Consumer Rights Act 2015


The Consumer Rights Act has been hailed as a more modern and fairer piece of legislation in the area of consumer law: The Law Gazette reported the Government’s announcement of the Act as the biggest overhaul of consumer law in a generation. The aim of the Act is to consolidate legislation and regulations from previous decades, such as the Unfair Contract Terms Act 1977, and the Unfair Terms in Consumer Contract Regulations 1999. In this article I will be discussing the previsions for electronic goods, unfair contract terms and the consolidation and modernisation of previous legislation.

The critics of the previous acts and regulations claimed they were outdated and could not be applied in the modern day. Therefore, it is crucial to note he most substantial overhaul of the consumer laws in the 2015 Act, which can be found in sections 33-47. These sections include the provisions concerning digital content. Digital content is defined in section 2 (9) of the Act as data and products which are produced and supplied in digital form, such as e-books, downloaded music and services such as Netflix and Amazon Prime. Furthermore, there are provisions in sections 34,35 and 36 of the Act that stipulate the requirements for the standard of a digital product, stating it should be of satisfactory quality, fitness for purpose and according to its description. In addition in section 42-45, if the digital product is not of satisfactory quality, the consumer has a right to a repair or a replacement of the product, as well as a right to a price reduction or a refund. The above-mentioned provisions are of significance as consumers of digital content are now afforded the same level of protection as those consumers who purchase physical products. Thus, this is the first time in the UK that consumers of digital goods are afforded such a high level of protection.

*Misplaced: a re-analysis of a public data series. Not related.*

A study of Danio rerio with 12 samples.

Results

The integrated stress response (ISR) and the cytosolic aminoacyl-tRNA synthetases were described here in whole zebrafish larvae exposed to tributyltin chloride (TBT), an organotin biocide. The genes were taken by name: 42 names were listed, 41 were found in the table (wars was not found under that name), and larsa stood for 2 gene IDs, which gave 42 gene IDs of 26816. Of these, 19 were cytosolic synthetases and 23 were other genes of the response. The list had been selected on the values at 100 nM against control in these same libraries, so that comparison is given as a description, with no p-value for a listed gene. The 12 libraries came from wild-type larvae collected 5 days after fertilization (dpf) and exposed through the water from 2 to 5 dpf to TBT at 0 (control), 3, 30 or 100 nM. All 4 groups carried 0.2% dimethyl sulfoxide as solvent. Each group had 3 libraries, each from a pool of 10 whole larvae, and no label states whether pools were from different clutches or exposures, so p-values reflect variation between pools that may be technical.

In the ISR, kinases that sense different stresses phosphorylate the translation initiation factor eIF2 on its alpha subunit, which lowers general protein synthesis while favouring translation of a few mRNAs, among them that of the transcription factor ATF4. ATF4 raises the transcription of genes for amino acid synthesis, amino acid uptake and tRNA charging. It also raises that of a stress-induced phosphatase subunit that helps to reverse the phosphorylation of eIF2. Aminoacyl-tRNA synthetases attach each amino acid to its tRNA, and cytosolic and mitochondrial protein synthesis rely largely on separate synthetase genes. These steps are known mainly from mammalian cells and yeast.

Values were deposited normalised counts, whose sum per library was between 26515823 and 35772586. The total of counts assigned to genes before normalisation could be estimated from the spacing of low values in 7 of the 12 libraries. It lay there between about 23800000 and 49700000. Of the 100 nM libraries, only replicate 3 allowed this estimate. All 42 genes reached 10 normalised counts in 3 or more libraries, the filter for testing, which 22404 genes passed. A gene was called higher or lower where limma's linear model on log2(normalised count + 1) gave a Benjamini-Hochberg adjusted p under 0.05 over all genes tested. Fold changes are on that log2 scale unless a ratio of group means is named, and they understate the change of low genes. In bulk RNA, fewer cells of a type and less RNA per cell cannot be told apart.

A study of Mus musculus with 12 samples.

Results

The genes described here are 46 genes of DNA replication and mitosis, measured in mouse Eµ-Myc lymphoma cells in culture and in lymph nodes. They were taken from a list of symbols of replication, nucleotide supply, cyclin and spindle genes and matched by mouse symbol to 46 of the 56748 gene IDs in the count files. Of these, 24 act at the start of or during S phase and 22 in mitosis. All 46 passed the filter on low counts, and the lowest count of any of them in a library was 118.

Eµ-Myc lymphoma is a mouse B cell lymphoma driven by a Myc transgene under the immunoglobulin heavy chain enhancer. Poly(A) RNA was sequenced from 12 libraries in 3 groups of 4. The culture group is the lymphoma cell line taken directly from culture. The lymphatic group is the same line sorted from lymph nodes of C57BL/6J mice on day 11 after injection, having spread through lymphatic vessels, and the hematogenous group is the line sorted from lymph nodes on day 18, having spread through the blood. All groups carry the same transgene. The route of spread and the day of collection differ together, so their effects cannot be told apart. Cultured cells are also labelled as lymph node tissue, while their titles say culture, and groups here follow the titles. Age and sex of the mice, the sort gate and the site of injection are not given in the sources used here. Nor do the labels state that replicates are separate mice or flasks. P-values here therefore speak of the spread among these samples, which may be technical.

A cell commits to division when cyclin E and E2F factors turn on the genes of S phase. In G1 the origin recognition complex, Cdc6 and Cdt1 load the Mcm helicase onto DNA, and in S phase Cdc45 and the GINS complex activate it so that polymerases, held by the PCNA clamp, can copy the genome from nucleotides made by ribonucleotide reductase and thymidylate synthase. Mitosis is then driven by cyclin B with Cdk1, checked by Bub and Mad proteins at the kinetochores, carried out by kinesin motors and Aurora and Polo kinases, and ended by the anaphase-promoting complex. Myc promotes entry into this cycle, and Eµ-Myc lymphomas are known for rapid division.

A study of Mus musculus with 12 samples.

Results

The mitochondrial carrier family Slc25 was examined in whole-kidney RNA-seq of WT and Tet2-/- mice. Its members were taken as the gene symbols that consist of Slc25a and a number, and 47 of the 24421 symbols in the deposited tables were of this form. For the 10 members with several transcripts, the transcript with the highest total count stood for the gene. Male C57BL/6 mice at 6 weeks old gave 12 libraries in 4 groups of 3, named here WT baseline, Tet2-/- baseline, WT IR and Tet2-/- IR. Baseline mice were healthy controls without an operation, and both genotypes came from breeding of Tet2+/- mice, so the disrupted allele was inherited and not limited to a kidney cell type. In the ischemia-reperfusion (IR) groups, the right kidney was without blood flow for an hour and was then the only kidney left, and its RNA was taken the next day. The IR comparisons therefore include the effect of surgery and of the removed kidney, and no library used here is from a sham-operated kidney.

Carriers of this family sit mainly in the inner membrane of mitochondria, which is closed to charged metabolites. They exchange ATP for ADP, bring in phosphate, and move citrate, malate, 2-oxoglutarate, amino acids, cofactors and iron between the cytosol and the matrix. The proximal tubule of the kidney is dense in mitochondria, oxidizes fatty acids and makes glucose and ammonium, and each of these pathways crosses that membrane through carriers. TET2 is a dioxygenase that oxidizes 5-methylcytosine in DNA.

Furthermore, this Act attempts to consolidate previous legislation and regulations into one easy to read and understand act. Comparing the Unfair Contract Terms Act 1977 and the Consumer Rights Act 2015 there is a recognisable difference in their wording and structure. The new Act is more understandable and therefore has an improved informative and explanatory effect for consumers with regard to their rights under the current law. For example, right at the start of the Consumer Rights Act 2015 there is section 2 which is dedicated to providing key definitions in plain English, such as “Goods” is defined as “any tangible moveable items, but that includes water, gas and electricity if and only if they are put up for supply in a limited volume or set quantity”.

In addition, the Consumer Rights Act 2015 also made additions to the grey list,a list of unfair contract terms, which include: allowing disproportionate charges or consumer’s payment for services that have not been provided if the consumer ends the contract; allowing the trader to decide the characteristics of the subject matter of the contract after the consumer is bound; and/or allowing the trader to set the price after the consumer is bound, where no price or method of determining the price was set when the consumer was bound. The Telegraph reported on these additions to the grey list stating “the addition aims to ensure that tradesmen fitting kitchens and bathrooms or other work deliver the service and quality they promised”. The overall implication of the additions to the grey list is further protection for vulnerable consumers who could so eaily be taken advantage of.

Overall, the Consumer Rights Act 2015 has added an extra layer of protection for consumers with the additions to the grey list and a new definition of digital content. Furthermore, the Act itself is written in plain English, meaning the law is now clearer, easier to understand, and more accessbile to consumers, who can purchase with confidence, and businesses, which can sell with clarity. The Government reported that the Act is the biggest overhaul of consumer law for a generation and it would seem hard to disagree.